Alliterative September themes are popular in blogworld and I thought I'd add one of my own. I want to rework some duds - things where I was quite invested because I made a good job of them, or I loved the fabric, or I just couldn't quite admit defeat just yet.
These jeans - the madras pants ( 06-2011-109 ) are a case in point. From a technical point of view they look like they could be made into jeans - but in reality they are designed for a SOFTLY DRAPING FABRIC. Way too much ease for denim. That is my mistake entirely and I still see great potential for this pattern.
However, I had made a nice job with the topstiching and following KBenco's lead, had finished the waistband with bias (made from Liberty fabric). In short, I was too invested in these to let them go. So I reworked them.
Here's what I did - on the front I sewed straight down from the zipper and cut off the hem just as the bootleg started to flare out again, creating a mermaid type hem.
On the back, 8 1/2 inches down (20 cms) I inserted a godet, and sloped out the hem to create a mermaid tail, adding a few lines of ruffles to suggest scales. The godet was cut from the bottom half of the pant leg, it was a little short, so the ruffles are on a separate panel. I was able to resew this skirt using pieces entirely from the original jeans, so it bodes well with other pants in my wardrobe needing a little rethinking. The godet is the only essential design feature, as you need to remove the crotch, but I imagine there are endlessly possibilities for incorporating it, so I might try a few different looks.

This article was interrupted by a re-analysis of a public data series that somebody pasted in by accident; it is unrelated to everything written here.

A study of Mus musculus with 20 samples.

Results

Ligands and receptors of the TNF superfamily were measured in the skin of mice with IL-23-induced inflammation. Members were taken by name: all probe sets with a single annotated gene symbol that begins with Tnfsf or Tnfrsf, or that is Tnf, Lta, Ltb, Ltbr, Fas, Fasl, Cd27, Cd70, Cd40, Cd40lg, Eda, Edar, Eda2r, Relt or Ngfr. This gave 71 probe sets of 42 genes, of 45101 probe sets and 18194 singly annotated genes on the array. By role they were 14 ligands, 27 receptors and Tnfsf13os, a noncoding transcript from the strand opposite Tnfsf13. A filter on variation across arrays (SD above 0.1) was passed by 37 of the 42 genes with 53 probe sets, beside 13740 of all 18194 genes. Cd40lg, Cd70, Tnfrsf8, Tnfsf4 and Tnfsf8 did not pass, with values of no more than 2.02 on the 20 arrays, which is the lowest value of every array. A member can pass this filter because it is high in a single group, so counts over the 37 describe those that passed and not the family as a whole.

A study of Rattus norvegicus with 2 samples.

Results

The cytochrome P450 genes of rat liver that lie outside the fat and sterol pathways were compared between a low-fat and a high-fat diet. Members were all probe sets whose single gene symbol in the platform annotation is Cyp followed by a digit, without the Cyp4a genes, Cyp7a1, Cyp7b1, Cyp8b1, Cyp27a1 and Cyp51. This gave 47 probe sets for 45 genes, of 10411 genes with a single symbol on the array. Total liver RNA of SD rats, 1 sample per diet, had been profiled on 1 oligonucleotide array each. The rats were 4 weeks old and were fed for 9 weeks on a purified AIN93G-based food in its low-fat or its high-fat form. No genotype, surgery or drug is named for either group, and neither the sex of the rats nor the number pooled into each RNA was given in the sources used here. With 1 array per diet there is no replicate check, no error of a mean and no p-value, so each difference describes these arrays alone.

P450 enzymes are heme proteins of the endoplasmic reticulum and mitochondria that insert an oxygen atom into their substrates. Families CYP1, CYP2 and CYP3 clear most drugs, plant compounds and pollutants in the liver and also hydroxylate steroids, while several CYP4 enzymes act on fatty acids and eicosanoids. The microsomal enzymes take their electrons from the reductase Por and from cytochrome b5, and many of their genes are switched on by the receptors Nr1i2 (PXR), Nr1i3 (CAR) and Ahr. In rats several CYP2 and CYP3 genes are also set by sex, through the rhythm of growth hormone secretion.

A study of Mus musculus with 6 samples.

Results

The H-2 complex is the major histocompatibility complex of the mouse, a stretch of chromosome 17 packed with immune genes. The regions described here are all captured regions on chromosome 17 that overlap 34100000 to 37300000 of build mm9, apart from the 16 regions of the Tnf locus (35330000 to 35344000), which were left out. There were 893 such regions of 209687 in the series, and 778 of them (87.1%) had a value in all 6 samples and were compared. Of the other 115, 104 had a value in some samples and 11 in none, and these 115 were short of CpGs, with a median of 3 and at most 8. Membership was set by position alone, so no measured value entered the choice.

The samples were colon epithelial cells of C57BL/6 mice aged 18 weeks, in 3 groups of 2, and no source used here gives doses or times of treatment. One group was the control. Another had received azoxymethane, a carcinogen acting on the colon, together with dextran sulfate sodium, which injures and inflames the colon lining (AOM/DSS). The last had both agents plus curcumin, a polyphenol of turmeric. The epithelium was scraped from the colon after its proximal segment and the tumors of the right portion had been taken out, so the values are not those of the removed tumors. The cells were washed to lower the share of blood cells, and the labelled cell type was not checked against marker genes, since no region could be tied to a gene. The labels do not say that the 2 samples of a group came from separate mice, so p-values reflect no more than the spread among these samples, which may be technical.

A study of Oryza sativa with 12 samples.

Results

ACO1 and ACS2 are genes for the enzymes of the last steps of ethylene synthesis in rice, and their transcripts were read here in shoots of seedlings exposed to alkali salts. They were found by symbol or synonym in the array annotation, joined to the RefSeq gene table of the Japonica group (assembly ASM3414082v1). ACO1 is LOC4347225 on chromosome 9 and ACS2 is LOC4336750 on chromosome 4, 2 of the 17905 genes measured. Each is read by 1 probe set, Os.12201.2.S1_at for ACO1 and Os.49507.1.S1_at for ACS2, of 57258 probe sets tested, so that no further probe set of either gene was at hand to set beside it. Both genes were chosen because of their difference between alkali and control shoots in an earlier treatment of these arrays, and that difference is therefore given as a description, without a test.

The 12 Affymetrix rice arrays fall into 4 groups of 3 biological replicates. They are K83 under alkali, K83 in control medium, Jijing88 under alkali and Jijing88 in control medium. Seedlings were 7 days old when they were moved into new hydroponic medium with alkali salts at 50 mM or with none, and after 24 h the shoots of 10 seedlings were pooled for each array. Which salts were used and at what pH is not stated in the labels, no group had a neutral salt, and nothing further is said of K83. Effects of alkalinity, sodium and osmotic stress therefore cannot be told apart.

Eh voila! One dud now creatively reworked into my wardrobe. I will wear this skirt, as I am very fond of the quirk factor in clothing. I wouldn't have worn the jeans - not just because they were a little baggy, but they were "butt munchers" - you know the type where you can feel the crotch seam gnawing at your knickers. I tried scooping more out but it didn't work - something else is wrong so I might need to get a lesson or two from a private teacher to sort that out. (good to know when you just don't know enough to fix it yourself).